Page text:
Fishing Reports

Halibut action heats up near Brookings

Anglers fishing out of the Port of Brookings Harbor are being treated to a surprisingly good season for Pacific halibut, while their cousins the California halibut also are making a strong appearance. Brookings Fishing Charters has been at the forefront of getting anglers into these prized fish.

Bruce Beck, a frequent customer of Brookings Fishing Charters, holds a 40-inch Pacific halibut caught with Capt. Andy Martin in early August 2020.

The season for Pacific halibut has been open since May 1. The fishing has generally been good when boats can make it to the deeper water Pacific halibut live in. In recent weeks, however, fishing has been surprisingly good. Bigger numbers of halibut are being caught, and boats are actually returning with limits. “Normally, when someone goes out of Brookings for halibut, catching one fish and especially caching two fish is a good day,” said Capt. Andy Martin of Brookings Fishing Charters LLC. “Catching a boat limit of Pacific halibut has always been a fairly rare feat out of Brookings. We are essentially at the southern end of their range, and the halibut populations are smaller here.” But this year, halibut numbers are up. Some boats are getting two or even three halibut a trip, although most are small between 10 and 20 pounds.

Customers of Brookings Fishing Charters hold their one-fish limit for Pacific halibut in their right hand and a California halibut in their left hand. The fish were caught in August 2020.

In early August, with calm ocean conditions, Capt. Andy ran a pair of halibut trips out of Brookings. The results were very impressive. His customers caught boat limits of Pacific halibut two days in a row, five the first day and seven the next. The biggest fish was nearly 40 pounds. After limits of Pacific halibut in deeper water, Capt. Andy headed to shallow water, where his customers each caught one to three California halibut each. The combined catch of Cali Hali and Pacific halibut in the same day was something even ODFW said was a rare sight. The limits of Pacific halibut also turned heads, catching the attention of other anglers anxious to learn how and where such big numbers of Pacific halibut were being caught out of Brookings.

Capt. Andy with a Pacific halibut caught on one of his charters last week.

Capt. Andy holds a distinct advantage over most charter boat operators on the Oregon Coast when it comes to halibut fishing. He ran offshore charter boats in Alaska for a decade, both larger inspected party boats with more than a dozen passengers, and six-pack charter boats similar to those operated by Brookings Fishing Charters. His customers have landed thousands upon thousands of halibut, and he is an expert at finding and catching them. His biggest catch in Alaska was over 90 inches and weighed over 400 pounds.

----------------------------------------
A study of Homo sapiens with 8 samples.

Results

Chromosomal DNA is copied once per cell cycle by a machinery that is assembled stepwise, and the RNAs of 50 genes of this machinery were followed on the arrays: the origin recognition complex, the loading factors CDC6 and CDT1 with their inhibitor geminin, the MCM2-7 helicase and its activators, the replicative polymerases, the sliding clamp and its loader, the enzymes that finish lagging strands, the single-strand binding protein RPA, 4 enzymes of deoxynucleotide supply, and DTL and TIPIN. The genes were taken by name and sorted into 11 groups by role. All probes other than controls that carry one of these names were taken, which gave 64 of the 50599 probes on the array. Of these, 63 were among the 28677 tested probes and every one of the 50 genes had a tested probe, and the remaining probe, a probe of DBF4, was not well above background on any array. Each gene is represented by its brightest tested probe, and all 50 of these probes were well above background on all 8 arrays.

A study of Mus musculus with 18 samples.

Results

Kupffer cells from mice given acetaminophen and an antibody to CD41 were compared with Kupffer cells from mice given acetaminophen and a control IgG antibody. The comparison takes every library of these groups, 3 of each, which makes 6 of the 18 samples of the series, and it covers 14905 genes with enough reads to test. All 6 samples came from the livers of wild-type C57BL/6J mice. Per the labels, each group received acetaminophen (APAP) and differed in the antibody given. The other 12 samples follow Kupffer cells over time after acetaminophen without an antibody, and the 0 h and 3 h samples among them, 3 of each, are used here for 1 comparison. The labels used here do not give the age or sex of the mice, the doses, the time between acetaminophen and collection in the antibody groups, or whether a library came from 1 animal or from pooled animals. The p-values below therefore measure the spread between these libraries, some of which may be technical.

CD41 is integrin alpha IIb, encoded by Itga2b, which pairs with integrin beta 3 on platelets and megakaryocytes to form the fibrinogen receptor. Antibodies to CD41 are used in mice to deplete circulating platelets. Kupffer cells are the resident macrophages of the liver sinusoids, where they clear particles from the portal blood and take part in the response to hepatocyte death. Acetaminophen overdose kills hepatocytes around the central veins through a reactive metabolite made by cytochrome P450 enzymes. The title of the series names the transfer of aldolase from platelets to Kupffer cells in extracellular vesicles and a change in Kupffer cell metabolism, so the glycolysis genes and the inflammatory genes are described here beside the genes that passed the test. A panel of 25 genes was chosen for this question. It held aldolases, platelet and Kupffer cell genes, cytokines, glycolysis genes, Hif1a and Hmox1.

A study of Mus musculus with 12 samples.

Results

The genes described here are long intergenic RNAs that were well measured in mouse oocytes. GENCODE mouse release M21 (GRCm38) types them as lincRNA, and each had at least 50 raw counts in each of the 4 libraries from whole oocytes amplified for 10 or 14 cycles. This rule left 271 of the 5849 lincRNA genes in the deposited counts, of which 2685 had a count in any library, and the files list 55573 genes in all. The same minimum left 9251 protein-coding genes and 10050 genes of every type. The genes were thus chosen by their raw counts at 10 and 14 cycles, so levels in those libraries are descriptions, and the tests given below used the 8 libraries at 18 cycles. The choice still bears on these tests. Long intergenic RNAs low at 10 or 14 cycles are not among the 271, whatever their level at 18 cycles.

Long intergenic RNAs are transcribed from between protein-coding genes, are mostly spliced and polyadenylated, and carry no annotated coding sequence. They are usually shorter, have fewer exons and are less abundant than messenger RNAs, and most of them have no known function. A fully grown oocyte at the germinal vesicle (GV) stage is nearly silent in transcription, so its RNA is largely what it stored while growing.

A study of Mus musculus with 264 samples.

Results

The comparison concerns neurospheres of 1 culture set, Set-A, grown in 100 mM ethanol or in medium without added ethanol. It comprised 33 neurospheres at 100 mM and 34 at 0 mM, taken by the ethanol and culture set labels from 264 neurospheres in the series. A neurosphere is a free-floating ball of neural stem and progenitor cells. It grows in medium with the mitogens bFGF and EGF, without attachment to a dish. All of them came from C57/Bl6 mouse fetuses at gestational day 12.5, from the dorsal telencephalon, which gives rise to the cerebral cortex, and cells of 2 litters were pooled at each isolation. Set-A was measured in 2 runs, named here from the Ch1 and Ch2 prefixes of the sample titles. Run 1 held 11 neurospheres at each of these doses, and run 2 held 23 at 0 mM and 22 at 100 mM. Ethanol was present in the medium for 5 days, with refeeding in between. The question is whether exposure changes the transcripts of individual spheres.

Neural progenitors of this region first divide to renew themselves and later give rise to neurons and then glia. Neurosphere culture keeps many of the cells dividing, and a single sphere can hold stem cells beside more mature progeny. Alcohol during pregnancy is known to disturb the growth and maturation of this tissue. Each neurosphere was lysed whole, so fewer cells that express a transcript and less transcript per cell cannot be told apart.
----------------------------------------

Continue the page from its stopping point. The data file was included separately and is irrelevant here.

Brookings Fishing Charters customers pose with Pacific halibut, front row, California halibut, second row, and petrale sole.

The Pacific halibut season runs through October out of Brookings, or until the quota is filled. Now that salmon season is over, the Brookings Fishing Charters fleet will focus on Pacific halibut and California halibut when the weather allows them to get to the fishing grounds.

Bruce Beck admires a Pacific halibut gaffed by Shane Brooks during a charter last week.

The Brookings Fishing Charters boats have the latest halibut gear, and anglers use advanced techniques perfect by the captains. Capt. Andy, Capt. Travis, Capt. Rye and Capt. Shane all have considerable Alaska and Oregon halibut fishing experience. Each has guided customers to countless halibut. “There are little tricks, special ways to bait hooks, custom rigs, use of scents, selecting locations, judging currents and deciding on what depth to fish that you learn by trial and error, and lots of experience,” Martin said. “Our captains have probably forgotten more about halibut fishing than most people will ever know.”

Bruce Beck holds a beautiful California halibut caught an hour after he landed a Pacific halibut in deeper water.

Pacific halibut are caught in deeper water, using larger baits, waiting patiently for a strike. Sand dabs and petrale sole also are caught while halibut fishing. California halibut are caught in shallow water, by trolling baits. Brookings is perhaps the best area to catch Pacific halibut and California halibut in the same day.

Capt. Shane nets a keeper California halibut.

To learn more about halibut trips, call Brookings Fishing Charters, (541) 813-1082.